How Do I Start an IRA When My Work Doesn’t Offer Any Retirement 401K?


ummary – This article provides good direction from which to get started on the path to securing finances for the future and mitigating a stressful retirement, elected or otherwise. We recommend seeking financial guidance from multiple sources before you select one investment strategy. Remember everyone has an opinion and few people will tell you their strategy was poor but the more questions you ask the quicker you will become informed!

You are working for someone who does not provide you with a retirement account, so you are thinking of starting your own. You are fortunate because this is really easy to do. The type of account you will need to open is an Individual Retirement Account that is also known as an “IRA.” These accounts are advantageous for saving for retirement because they provide investors with tax benefits that help their money grow.

Where to Open an Account

You can open either a Roth IRA or a Traditional IRA in a financial institution that received permission from the IRS to offer these accounts to the public. Your bank is a good choice, but you can also visit a federally-insured credit union, a mutual fund company, a savings and loan corporation or a brokerage firm.

Investment institutions charge fees for their services. Therefore, before you decide on a firm, make sure that you compare fees from several institutions first. An example of a discount firm is E*Trade Financial Corporation. Vanguard, Fidelity and T. Rowe Price sell “no-load” funds and do not charge fees.

How to Open an Account

After choosing the right financial institution, all you need to do is tell them you would like to open an IRA. Some firms will ask you to deposit a minimum of $3,000 into the account. In other instances, rather than offer a large deposit, you can make arrangements to automatically withdraw a set amount of money each month. The sum could be as low as $100. If the firm you are interested in has a website, you may be able to open an account online.

Documents Associated with the IRA

After your account is open, your financial institution must present you with an IRA disclosure statement that informs you of the account’s rules and regulations. This document will be written in easy-to-understand language. You will also receive the IRA adoption agreement and plan document. This paper explains things such as how contributions will be deducted and your rights as the accountholder. Your IRA will be valid only after you have signed this contract.

Which IRA is right for you?

The Roth IRA

The Roth IRA is the best option for long-term investing. If you are in your 40s and planning to retire in your 70s, you will have time to make this opportunity work, and you will receive tax benefits. Money invested in a Roth IRA is after-tax dollars, so in 30 years when you withdraw the money, you will not have to pay income taxes again.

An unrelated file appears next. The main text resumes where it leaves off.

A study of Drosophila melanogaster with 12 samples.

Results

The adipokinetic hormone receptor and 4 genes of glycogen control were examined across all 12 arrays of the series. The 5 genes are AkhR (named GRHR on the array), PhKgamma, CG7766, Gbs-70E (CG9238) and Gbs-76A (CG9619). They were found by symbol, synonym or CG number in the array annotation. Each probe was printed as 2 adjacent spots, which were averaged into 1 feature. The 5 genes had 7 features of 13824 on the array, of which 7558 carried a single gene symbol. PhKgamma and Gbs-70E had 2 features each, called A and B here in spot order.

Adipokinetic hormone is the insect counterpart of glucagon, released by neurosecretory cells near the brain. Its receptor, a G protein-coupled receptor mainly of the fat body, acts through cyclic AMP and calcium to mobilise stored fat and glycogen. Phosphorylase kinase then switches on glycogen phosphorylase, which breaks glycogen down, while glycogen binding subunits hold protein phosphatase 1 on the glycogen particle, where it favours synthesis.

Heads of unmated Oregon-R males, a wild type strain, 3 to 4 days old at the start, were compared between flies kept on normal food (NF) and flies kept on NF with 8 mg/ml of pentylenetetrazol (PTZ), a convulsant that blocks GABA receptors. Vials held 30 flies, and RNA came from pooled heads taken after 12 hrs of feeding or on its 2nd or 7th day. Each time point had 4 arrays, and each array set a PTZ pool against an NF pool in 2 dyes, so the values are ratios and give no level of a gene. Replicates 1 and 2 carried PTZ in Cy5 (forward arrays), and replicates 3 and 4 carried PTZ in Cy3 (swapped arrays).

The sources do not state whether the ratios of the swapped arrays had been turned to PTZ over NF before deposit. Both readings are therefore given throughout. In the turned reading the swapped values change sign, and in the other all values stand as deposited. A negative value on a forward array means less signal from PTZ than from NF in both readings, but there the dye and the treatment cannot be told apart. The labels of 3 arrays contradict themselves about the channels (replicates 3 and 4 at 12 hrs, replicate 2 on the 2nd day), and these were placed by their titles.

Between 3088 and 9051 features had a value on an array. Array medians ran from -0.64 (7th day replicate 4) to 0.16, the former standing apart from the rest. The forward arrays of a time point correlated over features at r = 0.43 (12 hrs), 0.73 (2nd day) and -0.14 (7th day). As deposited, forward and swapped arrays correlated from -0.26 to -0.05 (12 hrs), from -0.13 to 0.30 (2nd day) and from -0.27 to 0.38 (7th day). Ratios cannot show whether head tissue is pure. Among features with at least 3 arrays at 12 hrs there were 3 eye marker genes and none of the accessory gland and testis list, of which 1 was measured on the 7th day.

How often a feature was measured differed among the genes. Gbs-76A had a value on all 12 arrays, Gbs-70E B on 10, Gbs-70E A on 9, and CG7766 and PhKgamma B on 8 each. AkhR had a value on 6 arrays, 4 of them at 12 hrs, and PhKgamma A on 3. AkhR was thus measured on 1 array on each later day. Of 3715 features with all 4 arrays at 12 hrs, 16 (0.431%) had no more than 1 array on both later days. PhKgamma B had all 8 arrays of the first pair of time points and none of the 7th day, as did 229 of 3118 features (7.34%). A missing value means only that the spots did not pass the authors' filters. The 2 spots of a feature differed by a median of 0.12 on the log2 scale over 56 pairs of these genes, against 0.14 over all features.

To make your Roth IRA work for you, you will need to make monthly contributions. If you were to deposit just one $1,000 contribution into your account, it would not contain very much money after 30 years. In contrast, you would only need to commit to depositing $600 a year to turn your initial investment into more than $50,000 at an average annual yield of 6 percent.

Who Can Open a Roth IRA?

The Roth IRA has income limitations, so you will only be able to open this type of account under these circumstances:

  • You are married and filing jointly with a modified adjusted gross income less than $167,000
  • You are single, married and filing separately or head of household with a modified adjusted gross income less than $105,000
  • You are living with your spouse part-time, filing separately and earn less than $10,000

The Traditional IRA

To open a traditional IRA, you must be under 70½ years of age, and you must be employed. You will deposit pre-tax dollars into your traditional IRA, but you will be required to pay income taxes when you begin to withdraw the money. The good news is that you may be in a lower tax bracket by the time you retire. You can make tax-free contributions into the account until this day arrives, and they may even be tax-deductible. This helps your money to grow at a much faster rate.

The traditional IRA is particularly beneficial to you if you are at least 50 years of age because you are allowed to make “catch-up” contributions. Ordinarily, investors are limited to making contributions of $5,500 per year. Those who meet the age requirement can invest an extra $1,000 this year.

Where Do You Invest Your Funds?

Now that you have chosen your account, you are ready to decide where you want to invest your money. You have several options, including money market funds, mutual funds, CDs, exchange-traded funds and stocks and bonds. You can also allow your broker to make the choice for you.

What If You Don’t Have Any Retirement Savings?

If you have neglected your retirement until today, you are not alone. The best thing you can do is accept the fact that you didn’t make retirement savings a priority earlier and pledge to do things differently from this day on. This means that it isn’t too late to open an IRA.

You may be concerned about where you can find the extra money to make monthly contributions, but this only requires that you look at your budget to find things you can eliminate. For example, if you are spending a lot of money on cigarettes, you can consider quitting. You only need to put in a little effort, and you will be on your way to a comfortable retirement.